Written by Simon Dolan • Published 08th May 2015
Simon Dolan is owner of Jota Sport, a British motor sport team which competes in the European Le Mans Series and last year won the prestigious Le Mans 24-hour race, with Simon one of the team’s three drivers. He is also a successful businessman, who built SJD Accountancy into the UK’s biggest independent accountancy firm and a Partner in The PHA Group. Throughout the season, Simon is giving a unique insight into the secrets of success on and off the track. In his third blog, he reflects on a dominant team performance in the World Endurance Championship race at the legendary Spa circuit:
Part Three: Patience is a Priority
We use Spa as a warm-up for the Le Mans 24-hour race because all the best teams in the world are there. It was a great win. We went up against the best and we smashed them. And it was a great experience for our young driver, Mitch Evans, who’s new to sports car racing, to take part in a race and deal with all that traffic.
When you have the perfect race you can’t always put your finger on the reason for it. Everyone nailed it. There were no reliability issues. The pit stops were spot-on. Everyone in the team performed at their best. It’s the culmination of tiny details across the board, working to make those tiny improvements from one race to the next. Perfection comes from preparation, not from luck.
We won despite a terrible start. We were fourth on the starting grid, but Harry Tincknell got a time penalty for a jump start – after the warm-up lap he started the race about two feet ahead of the car in third. That’s nothing but you can’t argue with the data, you see it on the screens, and for that tiny infringement, we lost 30 seconds. To make up that time in the course of a race is really difficult. You have to be that much quicker than everyone else on every lap just to get back to where you started, but sometimes when you are on the back foot you fight stronger.
That’s what we did. We won by a huge margin; we recorded the fastest laps. It’s an important confidence booster. It sends out a message to your rivals, it puts down a marker. It’s like when a business wins an award, it’s good for the team’s self-confidence, but it also makes people outside the business take you seriously. It’s like The PHA Group winning a prestigious BT Sports Industry Group award last week that maybe they weren’t expected to win. They won despite being in competition with the biggest agencies. When you do that it makes people look at you in a new way.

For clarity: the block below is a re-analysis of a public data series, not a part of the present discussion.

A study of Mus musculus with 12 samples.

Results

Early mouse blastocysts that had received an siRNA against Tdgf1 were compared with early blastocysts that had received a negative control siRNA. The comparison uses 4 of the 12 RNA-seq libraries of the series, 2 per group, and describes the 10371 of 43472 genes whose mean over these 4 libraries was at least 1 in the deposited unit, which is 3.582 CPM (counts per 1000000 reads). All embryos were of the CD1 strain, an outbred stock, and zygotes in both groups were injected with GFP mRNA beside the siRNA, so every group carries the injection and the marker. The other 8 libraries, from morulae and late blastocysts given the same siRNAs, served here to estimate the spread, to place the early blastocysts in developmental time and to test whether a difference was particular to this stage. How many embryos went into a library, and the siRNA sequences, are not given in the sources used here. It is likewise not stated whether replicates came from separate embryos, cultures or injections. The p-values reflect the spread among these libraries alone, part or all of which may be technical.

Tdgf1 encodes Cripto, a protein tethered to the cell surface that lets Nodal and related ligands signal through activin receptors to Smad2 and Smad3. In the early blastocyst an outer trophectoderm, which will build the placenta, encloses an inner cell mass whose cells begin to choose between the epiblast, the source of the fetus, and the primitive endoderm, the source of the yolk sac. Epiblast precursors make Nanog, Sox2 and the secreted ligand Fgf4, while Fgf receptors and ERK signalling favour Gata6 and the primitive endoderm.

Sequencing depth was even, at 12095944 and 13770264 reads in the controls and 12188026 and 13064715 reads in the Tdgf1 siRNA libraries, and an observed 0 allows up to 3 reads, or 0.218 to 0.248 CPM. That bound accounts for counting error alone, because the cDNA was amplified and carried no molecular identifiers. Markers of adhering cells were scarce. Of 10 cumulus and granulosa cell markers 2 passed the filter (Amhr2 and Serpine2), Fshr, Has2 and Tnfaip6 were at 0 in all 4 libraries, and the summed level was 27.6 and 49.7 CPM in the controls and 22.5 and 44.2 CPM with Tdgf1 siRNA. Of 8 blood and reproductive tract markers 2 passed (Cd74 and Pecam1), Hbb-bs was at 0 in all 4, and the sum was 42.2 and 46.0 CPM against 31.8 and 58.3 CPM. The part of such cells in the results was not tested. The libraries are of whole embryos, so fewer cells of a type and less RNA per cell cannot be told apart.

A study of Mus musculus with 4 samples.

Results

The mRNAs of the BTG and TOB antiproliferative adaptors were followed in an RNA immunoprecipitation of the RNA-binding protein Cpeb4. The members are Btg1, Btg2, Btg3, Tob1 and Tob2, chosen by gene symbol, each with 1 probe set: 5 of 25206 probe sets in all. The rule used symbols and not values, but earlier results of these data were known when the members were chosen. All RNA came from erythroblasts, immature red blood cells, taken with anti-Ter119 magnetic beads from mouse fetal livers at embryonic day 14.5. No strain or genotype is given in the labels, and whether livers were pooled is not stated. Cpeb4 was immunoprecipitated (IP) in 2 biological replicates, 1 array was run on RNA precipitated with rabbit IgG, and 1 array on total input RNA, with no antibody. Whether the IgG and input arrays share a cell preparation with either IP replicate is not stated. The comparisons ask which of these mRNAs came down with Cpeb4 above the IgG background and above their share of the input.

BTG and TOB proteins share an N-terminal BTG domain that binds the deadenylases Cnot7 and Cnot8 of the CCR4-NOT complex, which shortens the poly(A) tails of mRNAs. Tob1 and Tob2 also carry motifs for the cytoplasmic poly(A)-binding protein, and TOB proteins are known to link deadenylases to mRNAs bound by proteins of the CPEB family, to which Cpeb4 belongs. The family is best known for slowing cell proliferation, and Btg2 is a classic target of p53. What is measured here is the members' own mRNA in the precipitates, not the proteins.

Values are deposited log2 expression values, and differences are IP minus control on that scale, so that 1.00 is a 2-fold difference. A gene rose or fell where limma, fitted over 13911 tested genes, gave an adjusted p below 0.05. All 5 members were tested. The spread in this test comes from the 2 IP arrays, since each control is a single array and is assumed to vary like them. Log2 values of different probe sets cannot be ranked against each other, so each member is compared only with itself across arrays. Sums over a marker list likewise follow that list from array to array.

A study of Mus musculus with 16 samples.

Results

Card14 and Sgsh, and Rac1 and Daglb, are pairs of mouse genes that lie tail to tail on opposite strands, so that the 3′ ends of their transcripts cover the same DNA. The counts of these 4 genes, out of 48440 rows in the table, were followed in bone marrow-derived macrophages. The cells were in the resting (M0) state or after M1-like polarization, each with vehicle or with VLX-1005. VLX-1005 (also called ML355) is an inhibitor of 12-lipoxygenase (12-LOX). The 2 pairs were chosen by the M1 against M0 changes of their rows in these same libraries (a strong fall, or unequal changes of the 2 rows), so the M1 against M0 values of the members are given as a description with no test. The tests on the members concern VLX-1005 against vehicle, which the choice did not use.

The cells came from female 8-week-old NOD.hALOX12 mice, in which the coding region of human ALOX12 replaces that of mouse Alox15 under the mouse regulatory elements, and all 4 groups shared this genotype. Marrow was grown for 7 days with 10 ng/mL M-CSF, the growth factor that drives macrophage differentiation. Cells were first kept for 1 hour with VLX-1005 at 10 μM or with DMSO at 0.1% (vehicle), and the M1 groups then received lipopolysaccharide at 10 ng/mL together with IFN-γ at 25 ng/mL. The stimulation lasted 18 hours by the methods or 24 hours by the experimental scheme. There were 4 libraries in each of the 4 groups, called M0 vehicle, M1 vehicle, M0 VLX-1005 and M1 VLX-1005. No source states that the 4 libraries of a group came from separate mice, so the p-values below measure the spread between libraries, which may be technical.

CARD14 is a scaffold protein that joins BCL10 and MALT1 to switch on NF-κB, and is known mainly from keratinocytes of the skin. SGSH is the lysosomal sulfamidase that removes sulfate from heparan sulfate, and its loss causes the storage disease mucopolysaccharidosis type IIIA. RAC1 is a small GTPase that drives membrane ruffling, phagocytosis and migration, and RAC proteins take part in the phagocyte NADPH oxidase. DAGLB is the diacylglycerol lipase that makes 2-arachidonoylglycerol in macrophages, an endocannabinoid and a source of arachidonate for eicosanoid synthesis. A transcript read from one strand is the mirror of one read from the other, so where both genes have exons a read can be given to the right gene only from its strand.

Race management is crucial, in particular managing your tyres, and we did that very well. At Spa, you had to make them last two stints, each stint being about 50 minutes. If you drive hard in the first few laps when the tyres are hard they will be too slow in the last few laps. You have to manage your pace in the first five or six laps. It’s difficult because you want to drive as fast as you can from the outset, but if you do that you’ll get nowhere in your second stint. It’s all about having the discipline to do the right thing and hold yourself back. You have to forego the instant gratification.
Spa is everybody’s favourite track. It has a bit of everything: elevation changes, challenging corners, slow corners, fast straights, changeable weather. It’s the most fun to drive, it just seems to flow. They’ve tried to re-create that with the new F1 tracks, but it’s very difficult.
Spa is the best circuit and Le Mans is everyone’s favourite race. We’ve just announced our team for the 24-hour race. Oliver Turvey will be joining me and Mitch Evans. Oliver was part of our winning team last year, but had to be parachuted in at the last minute when we lost one of our designated drivers just a couple of days before the race. It’s good to have the line-up confirmed with a few weeks still to go; there are enough surprises at Le Mans, without having a new driver coming in at the last moment. The more time you have to prepare physically and mentally the better.
Our next race is at Imola so the focus is on that now. It’s a four-hour race so a little different from Spa. There are slightly different ways of cutting up the strategy. Then, from Imola, it’s on to Le Mans for the test day and we’re into the countdown for the 24-hour race – the biggest challenge of the season.